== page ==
Generally speaking, a well-informed Congress, when it is controlled by the party of the White House, is a happy Congress. An ill-informed Congress, on the other hand, is a fractious Congress.
Two recent cases make the point. When news broke of the National Security Agency's intercepting telephone calls from al-Qaeda suspects overseas to confederates in this country, the White House was asleep at the switch. The newspapers were quick to brand it "eavesdropping" and "domestic spying." The ACLU went into immediate full Chicken Little mode. Hill Democrats, desperate to find something -- anything -- in the security area that they could use to get to the right of the president, jumped on this, insisting that Bush illegally approved the NSA program.
When the Democrats read the polls they realized that for the American public national security trumps legal hairsplitting. They have backed off to a position of we-agree-the-president-should-have-this-authority-but-we-should- pass-a-bill-to-authorize it. The furor has subsided, but only after the administration had to work overtime playing catch-up.
Now comes Dubai Ports World, a United Arab Emirates company that was the winning bidder to buy the U.K.'s P&O Steam Navigation Co. which, in turn, has contracts to operate loading and unloading facilities in six U.S. ports. The purchase of P&O by the UAE company had to go through a rigorous review by an inter-agency panel led by the Treasury Department. Having a good reputation of operating ports around the world (some of which service U.S. military ships), Dubai World Ports passed the test. Case closed. Not exactly.
No one at Treasury alerted the White House that news of this might cause much kicking up of dust on Capitol Hill. The president is said to have first learned about it in his morning newspaper one day last week. At that moment the White House should have dispatched briefers to Congress to get the full story out. Alas, they waited until the dark cloud had unleashed a torrent of criticism.
Along with opportunistic Democrats huffing and puffing, the Messrs. Frist and Hastert weighed in with highly critical assessments. Members of both houses, many with an eye cocked on November, thundered that we were selling our ports to foreigners, Arabs would be handling the cargo, DPW would be in charge of port security.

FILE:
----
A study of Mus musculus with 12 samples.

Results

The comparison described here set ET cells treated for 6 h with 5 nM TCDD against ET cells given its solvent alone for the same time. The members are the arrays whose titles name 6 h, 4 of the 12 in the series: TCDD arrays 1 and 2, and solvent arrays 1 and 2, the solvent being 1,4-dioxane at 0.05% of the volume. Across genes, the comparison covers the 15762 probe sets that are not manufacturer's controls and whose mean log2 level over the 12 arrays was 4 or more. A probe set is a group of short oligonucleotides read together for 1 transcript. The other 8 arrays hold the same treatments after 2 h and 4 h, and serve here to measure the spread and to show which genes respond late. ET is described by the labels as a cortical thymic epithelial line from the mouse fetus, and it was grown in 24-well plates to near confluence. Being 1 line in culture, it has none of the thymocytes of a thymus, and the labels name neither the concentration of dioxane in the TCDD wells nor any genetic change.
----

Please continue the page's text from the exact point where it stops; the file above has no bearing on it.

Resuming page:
Once again the White House is scrambling to play catch-up. President Bush has threatened to veto any bill designed to deny the approval of DPW and almost certainly has the votes to sustain it. Yet, even the furor is not helpful in the war against ideologically driven terrorism. We want friends in the Arab world and Dubai has been a reliable ally. They have even delivered al-Qaeda suspects to us. As to the affected U.S. ports, security will remain in the hands of the U.S. government, specifically the Coast Guard. The ships will continue to be loaded and unloaded by American longshore workers. And, the management of DPW is largely American.
When a Saudi prince bought a large bloc of Citigroup shares a few years ago, no one worried that cyberterrorists would mess up Citibank's master computers. Or, when he bought a similarly large share of a an American hotel chain, no one warned of Arab saboteurs pouring anthrax in hotel air conditioning systems.
That was then, this is now, and the big difference is politics. Some primary elections take place this spring and the Democrats, worried that they are on the wrong side of the security issue, are grasping at any straw that blows their way.
Rushed briefings of key Congressional Republicans are beginning to have an effect. The back-down position of the Hill leaders seems to be to call hearings to pour oil on the troubled port waters. After the NSA flap, the White House should have been in hair-trigger rapid-response mode, thus avoiding a distracting week-long furor when our full attention should have been focused on Iraq which teeters on the verge of civil war.